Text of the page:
Rule-breach lawyers forced to pay £36,000

Date published: 19 August 2010

Two Oldham lawyers have been threatened with suspension from the profession and fined thousands of pounds for breaching solicitors’ rules.

Sajit Maboob Abbas (34) and Alan Douglas Cockburn (52), partners in Megsons LLP, of Church Lane, admitted 12 allegations when they appeared before a Solicitors’ Disciplinary Tribunal.

They were fined £7,500 each and ordered to pay £21,000 joint costs, and told if they did not pay they would be suspended. Both have complied with the ruling.

The judgments have just been made public by the tribunal, but go back to cases the solicitors undertook from 2002 onwards, which the panel said showed they broke undertakings, acted without integrity, diminished public trust in the profession, and compromised their ability to act in the best interests of their clients.

They were both investigated by the Solicitors’ Regulation Authority (SRA), and admitted all the allegations at the hearing in London.

There were two complaints to the SRA about money not being paid and legal charges not enforced over a land purchase in Cumbria.

A third complaint was investigated when £145,000 promised by Mr Cockburn on behalf of a client to another solicitor was not paid in July, 2008. The client was a relative of Mr Abbas, who is based at the company’s Bradford office.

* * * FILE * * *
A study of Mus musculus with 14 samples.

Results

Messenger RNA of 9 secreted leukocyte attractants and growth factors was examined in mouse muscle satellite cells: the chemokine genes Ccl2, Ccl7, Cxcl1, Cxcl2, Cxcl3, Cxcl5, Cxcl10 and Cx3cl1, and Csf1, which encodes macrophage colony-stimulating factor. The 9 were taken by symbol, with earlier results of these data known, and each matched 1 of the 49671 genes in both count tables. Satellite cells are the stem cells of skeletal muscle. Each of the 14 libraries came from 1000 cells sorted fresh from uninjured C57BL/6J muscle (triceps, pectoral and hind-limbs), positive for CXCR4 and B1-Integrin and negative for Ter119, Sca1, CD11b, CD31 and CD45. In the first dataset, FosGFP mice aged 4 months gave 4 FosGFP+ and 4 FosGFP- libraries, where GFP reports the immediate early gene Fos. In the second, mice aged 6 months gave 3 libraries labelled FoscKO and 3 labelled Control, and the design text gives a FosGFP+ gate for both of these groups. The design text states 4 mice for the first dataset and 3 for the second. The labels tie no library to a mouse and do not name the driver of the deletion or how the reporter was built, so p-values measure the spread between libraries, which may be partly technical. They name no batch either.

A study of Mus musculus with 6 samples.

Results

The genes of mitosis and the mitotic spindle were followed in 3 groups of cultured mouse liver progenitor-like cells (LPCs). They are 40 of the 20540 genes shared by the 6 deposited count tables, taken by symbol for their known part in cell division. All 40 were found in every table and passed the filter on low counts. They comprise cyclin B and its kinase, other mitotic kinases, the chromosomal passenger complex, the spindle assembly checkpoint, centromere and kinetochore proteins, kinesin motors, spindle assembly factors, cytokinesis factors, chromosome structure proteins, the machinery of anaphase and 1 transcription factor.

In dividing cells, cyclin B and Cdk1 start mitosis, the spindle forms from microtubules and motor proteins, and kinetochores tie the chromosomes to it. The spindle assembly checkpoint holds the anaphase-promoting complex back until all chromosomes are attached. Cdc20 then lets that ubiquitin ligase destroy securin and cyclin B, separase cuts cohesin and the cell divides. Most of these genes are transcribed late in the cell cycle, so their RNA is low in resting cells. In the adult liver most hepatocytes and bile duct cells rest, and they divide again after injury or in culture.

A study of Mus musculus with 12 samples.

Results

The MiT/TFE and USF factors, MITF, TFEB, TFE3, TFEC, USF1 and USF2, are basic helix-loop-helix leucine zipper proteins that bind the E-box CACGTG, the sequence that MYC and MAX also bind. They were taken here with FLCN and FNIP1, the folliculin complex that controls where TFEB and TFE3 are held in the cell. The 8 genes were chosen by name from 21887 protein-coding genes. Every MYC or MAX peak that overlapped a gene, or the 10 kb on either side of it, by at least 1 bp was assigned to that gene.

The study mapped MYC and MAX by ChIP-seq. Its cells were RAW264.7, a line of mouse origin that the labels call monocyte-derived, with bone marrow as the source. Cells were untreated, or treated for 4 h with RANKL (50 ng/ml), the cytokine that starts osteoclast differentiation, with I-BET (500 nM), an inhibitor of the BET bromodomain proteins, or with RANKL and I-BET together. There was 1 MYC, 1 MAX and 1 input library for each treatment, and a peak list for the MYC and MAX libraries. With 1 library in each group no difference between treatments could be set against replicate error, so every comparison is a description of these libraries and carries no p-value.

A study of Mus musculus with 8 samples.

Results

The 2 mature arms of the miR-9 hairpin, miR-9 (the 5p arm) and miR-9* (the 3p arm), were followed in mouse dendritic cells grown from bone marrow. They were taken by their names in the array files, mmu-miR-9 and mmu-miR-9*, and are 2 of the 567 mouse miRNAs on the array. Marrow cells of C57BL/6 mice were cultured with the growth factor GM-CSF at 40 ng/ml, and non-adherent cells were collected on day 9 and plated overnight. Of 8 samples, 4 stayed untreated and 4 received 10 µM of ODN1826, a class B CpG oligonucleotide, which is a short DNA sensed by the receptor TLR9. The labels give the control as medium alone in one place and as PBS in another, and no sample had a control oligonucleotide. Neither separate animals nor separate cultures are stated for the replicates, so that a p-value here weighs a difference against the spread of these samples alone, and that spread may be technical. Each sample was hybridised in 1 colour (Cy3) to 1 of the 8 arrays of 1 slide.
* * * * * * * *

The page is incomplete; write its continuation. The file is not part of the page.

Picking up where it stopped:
By November, the money owed had increased to £170,000 with interest, legal fees and VAT. The tribunal was told both solicitors would do their utmost to make sure the money was paid.

Both partners also admitted paying between £500 and £700 to three personal injury claims companies in Oldham and Bradford for each successful case referred to them, without doing proper checks or telling their clients. One company was owned by Mr Abbas’s father.

They also admitted receiving £250 or 10 per cent of the final fee from a local estate agent, without the knowledge of clients after successful completions.

Both men gave their unreserved apologies to the tribunal and their profession.

The tribunal ruled both had shown an extreme degree of naivety. It was a serious matter and wholly unacceptable to the profession.

Mr Cockburn said: “The penalty was financial, with costs and threat of suspension, and it has been complied with. I am happy that it has been resolved.”